Eyes Wide Open reveals the homophobia of Orthodox Judaism
The important yet depressing Eyes Wide Open is true to life: it shows a Hassidic community that preaches sexual intolerance and a terror of difference
Eyes Wide Open may be sensitively filmed and movingly narrated, but it is also profoundly depressing. Set in a fundamentalist religious community in Jerusalem, it tells the story of two men who fall in love and embark on an illicit affair. Same-sex relationships within any conservative religious community are generally forbidden. Orthodox Judaism, for its part, teaches that men and women should marry young, have lots of babies and live as purely and God-fearingly as possible. This film follows on the heels of Sandi Simcha DuBowski’s fascinating 2001 documentary Trembling Before G-d, which interviews lesbian and gay Orthodox Jews trying to come to terms with their sexuality. The fascination for me was the subjects’ allegiance to their religion rather than their sexuality. Why do they stay wedded to a set of beliefs that interprets their lifestyles as an abomination? What pull does fundamentalist religion have for these people, who, unlike many others, could walk away into the arms of another community?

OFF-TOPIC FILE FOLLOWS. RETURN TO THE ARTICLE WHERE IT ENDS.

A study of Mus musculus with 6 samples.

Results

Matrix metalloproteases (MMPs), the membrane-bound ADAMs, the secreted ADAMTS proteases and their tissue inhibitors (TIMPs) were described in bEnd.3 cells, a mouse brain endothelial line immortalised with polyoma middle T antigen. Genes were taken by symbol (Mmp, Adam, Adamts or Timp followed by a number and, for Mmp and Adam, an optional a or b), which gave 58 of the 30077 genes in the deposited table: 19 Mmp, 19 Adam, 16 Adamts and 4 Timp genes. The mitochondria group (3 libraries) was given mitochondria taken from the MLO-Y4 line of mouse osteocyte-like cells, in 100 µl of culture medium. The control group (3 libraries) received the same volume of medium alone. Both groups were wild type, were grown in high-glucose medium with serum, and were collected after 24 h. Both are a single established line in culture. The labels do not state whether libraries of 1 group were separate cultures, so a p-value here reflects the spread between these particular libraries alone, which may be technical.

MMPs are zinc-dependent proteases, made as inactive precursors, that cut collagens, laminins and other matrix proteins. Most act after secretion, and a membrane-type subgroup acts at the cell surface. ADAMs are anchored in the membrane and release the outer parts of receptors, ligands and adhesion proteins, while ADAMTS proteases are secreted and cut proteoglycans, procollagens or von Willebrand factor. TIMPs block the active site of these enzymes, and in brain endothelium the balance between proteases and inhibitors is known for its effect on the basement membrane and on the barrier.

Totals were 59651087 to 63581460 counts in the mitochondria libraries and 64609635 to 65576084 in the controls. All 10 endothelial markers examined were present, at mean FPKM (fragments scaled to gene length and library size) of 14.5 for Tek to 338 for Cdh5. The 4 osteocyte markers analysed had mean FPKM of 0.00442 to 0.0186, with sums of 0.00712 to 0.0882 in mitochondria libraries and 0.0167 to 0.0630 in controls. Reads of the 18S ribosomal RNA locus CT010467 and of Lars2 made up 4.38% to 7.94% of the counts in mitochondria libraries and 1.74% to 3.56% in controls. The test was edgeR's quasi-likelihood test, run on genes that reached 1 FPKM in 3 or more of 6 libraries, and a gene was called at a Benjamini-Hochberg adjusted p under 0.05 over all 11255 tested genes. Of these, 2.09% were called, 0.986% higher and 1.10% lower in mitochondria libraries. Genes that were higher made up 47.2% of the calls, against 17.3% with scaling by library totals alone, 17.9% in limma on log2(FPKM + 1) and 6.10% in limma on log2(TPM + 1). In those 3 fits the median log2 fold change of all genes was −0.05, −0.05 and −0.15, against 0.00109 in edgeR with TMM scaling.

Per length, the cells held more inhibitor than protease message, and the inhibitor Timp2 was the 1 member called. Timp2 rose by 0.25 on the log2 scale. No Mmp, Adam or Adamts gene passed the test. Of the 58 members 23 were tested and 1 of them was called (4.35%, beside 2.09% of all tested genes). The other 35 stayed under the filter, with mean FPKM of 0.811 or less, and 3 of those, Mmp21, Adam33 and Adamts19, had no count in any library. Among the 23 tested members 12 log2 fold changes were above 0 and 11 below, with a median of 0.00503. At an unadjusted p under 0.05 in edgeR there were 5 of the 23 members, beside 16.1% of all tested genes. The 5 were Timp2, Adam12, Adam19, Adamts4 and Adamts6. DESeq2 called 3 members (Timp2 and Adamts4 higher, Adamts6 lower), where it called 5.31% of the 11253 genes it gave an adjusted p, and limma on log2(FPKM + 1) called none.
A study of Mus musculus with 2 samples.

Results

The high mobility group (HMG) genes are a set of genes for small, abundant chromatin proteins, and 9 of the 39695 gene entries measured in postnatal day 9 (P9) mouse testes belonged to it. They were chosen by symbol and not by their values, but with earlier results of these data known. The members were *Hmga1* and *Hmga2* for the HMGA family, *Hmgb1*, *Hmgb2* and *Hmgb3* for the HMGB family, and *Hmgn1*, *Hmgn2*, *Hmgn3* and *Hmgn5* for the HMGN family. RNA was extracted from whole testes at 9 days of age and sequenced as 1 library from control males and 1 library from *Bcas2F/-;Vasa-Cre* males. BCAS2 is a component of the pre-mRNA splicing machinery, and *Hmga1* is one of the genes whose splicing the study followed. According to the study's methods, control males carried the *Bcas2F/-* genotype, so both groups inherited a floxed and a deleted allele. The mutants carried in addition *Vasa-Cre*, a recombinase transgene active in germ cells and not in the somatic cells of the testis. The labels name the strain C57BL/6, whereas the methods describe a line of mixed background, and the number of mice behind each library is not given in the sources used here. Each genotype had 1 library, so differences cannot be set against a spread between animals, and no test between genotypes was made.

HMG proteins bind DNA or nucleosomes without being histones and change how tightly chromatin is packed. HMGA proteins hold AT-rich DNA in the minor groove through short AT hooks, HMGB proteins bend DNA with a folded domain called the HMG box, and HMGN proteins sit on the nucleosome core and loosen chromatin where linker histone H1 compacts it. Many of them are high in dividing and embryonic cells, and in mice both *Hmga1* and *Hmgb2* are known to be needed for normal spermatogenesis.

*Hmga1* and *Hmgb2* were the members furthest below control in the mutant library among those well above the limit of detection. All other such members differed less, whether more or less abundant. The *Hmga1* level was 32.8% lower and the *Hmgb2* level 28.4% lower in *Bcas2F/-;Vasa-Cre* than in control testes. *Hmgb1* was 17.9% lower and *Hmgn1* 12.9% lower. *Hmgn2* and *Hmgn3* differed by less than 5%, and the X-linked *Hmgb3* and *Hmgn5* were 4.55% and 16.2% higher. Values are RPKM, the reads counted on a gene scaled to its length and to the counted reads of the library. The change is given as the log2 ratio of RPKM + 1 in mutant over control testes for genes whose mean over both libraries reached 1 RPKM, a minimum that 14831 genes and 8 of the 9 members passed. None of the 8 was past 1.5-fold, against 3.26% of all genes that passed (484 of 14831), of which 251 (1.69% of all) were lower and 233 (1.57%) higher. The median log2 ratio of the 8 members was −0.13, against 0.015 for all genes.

My partner, Harriet’s brother, Daniel, is a Hassidic Jew living just outside Jerusalem. Two years ago, Harriet and I – out and proud lesbians – attended the arranged marriage of Daniel’s 17-year-old daughter. As I stood talking to Harriet’s parents, the father of the groom approached me, thinking I was Harriet. I braced myself. When Harriet’s father introduced me as his daughter-in-law, the father of the groom blanched and turned away, not out of rudeness or open hostility, but because of his inability to cope with the knowledge of my lesbianism.